HCSS Trucking software eliminates paper tickets, fraud from construction trucking

Updated Mar 3, 2018


At its annual Users Group Meeting last week, HCSS showed attendees a new solution to the problem, a simple, low-cost software-plus-hardware system for trucks running to and from asphalt plants and other heavy-haul situations.

Called “HCSS Trucking” this system eliminates the paper ticketing process with two simple pieces of hardware and cloud-based software apps, explains Josh McDonald, R&D product manager for HCSS. “In paving operations, the vast majority of the trucking activity is brokered, so the goal of this system was to eliminate the stacks of paperwork and sometimes conflicting claims about that paperwork,” he says.

The hardware consists of a Bluetooth enabled iBeacon Proximity broadcaster that’s about the size off four quarters stacked together and a larger “black box” iBeacon receiver. The small iBeacon broadcasters are put in each truck and send out a ping to the receiver every two minutes. The receiver has cellular and GPS functionality and is placed near the entry/exit points for the trucks. It logs the time and identity of truck as it enters the jobsite, disconnects when the truck gets out of range and reconnects with the truck when it comes back to the site with a full load. The receiver automatically uploads this data to the cloud giving drivers and dispatchers real-time status reports. At the end of the day, instead of a bunch of paper tickets, you have a digital record of every trip every truck made to your jobsite.


To set up the iBeacon broadcaster you simply scan the QR code on the device with a tablet or phone, enter the truck ID and other info on the web page that pops up and you’re ready to work. A piece of double sided tape can adhere the iBeacon to the dashboard, windshield or other surface inside the cab.

Josh McDonald, HCSS R&D product manager, shows the iBeacon transmitter.Josh McDonald, HCSS R&D product manager, shows the iBeacon transmitter.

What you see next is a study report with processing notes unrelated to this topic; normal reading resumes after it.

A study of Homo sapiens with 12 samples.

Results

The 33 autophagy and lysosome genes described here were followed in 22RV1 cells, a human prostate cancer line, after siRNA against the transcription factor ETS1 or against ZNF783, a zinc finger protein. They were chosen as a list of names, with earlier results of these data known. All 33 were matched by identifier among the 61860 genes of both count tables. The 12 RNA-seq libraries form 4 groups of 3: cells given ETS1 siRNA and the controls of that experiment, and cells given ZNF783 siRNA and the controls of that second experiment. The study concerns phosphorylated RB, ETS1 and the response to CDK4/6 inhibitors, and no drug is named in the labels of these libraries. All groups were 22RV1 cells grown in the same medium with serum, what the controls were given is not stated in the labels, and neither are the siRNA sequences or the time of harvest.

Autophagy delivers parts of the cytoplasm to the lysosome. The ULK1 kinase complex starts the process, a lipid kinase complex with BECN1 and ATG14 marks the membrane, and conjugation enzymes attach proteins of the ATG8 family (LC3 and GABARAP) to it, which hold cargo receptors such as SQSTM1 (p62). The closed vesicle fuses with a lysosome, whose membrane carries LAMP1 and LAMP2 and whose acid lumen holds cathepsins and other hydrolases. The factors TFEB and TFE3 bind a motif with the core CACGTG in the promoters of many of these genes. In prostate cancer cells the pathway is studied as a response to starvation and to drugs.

HCSS is giving the iBeacon broadcasters away free and charging $3 per truck per day for the service. But you don’t pay the $3 until the truck comes within range of the iBeacon receiver so your broker’s trucks can move on to other jobs and keep the iBroadcaster in the cab ready for any future jobs you may call them to.

The batteries that send out the pings from the broadcaster last about two years. The receiver with its GPS and cellular functionality has an average battery life of about 80 days and costs about $1,000. The receiver batteries are rechargeable, and HCSS even has a solar charger you can connect to the device and keep it fully charged at the jobsite.

HCSS had several of its beta testers in the first session describing its trucking app to customers. The big question from the audience was what kind of response the beta testers were getting from their trucking brokers. The beta testers said pushback was minimal, especially after they told their trucking brokers to either accept the iBeacons in their trucks or lose the business.

The system also allows you notate other types of information as well. If the broker still wants to issue paper tickets, you can take a photo of the ticket and electronically upload it to the website, says Mike Bordelon, HCSS vice president of product management. “If you really don’t trust the ticket writer and think he is colluding with the truck driver, make him take a picture of the truck for validation. That’s how airtight this system is. You can have a picture of the truck, a picture of the ticket, longitude, latitude, time stamp and then all this other data. No broker is going to be able to argue with you on that,” Bordelon says.

“Once you get to that level of transparency, the fraud just melts away,” says McDonald. “Everything is out there in real time, all the time.”

HCSS plans to integrate many of the information fields generated by its trucking app with HCSS Heavy Job and HCSS Aggregates programs, and scale and weighing systems later this year.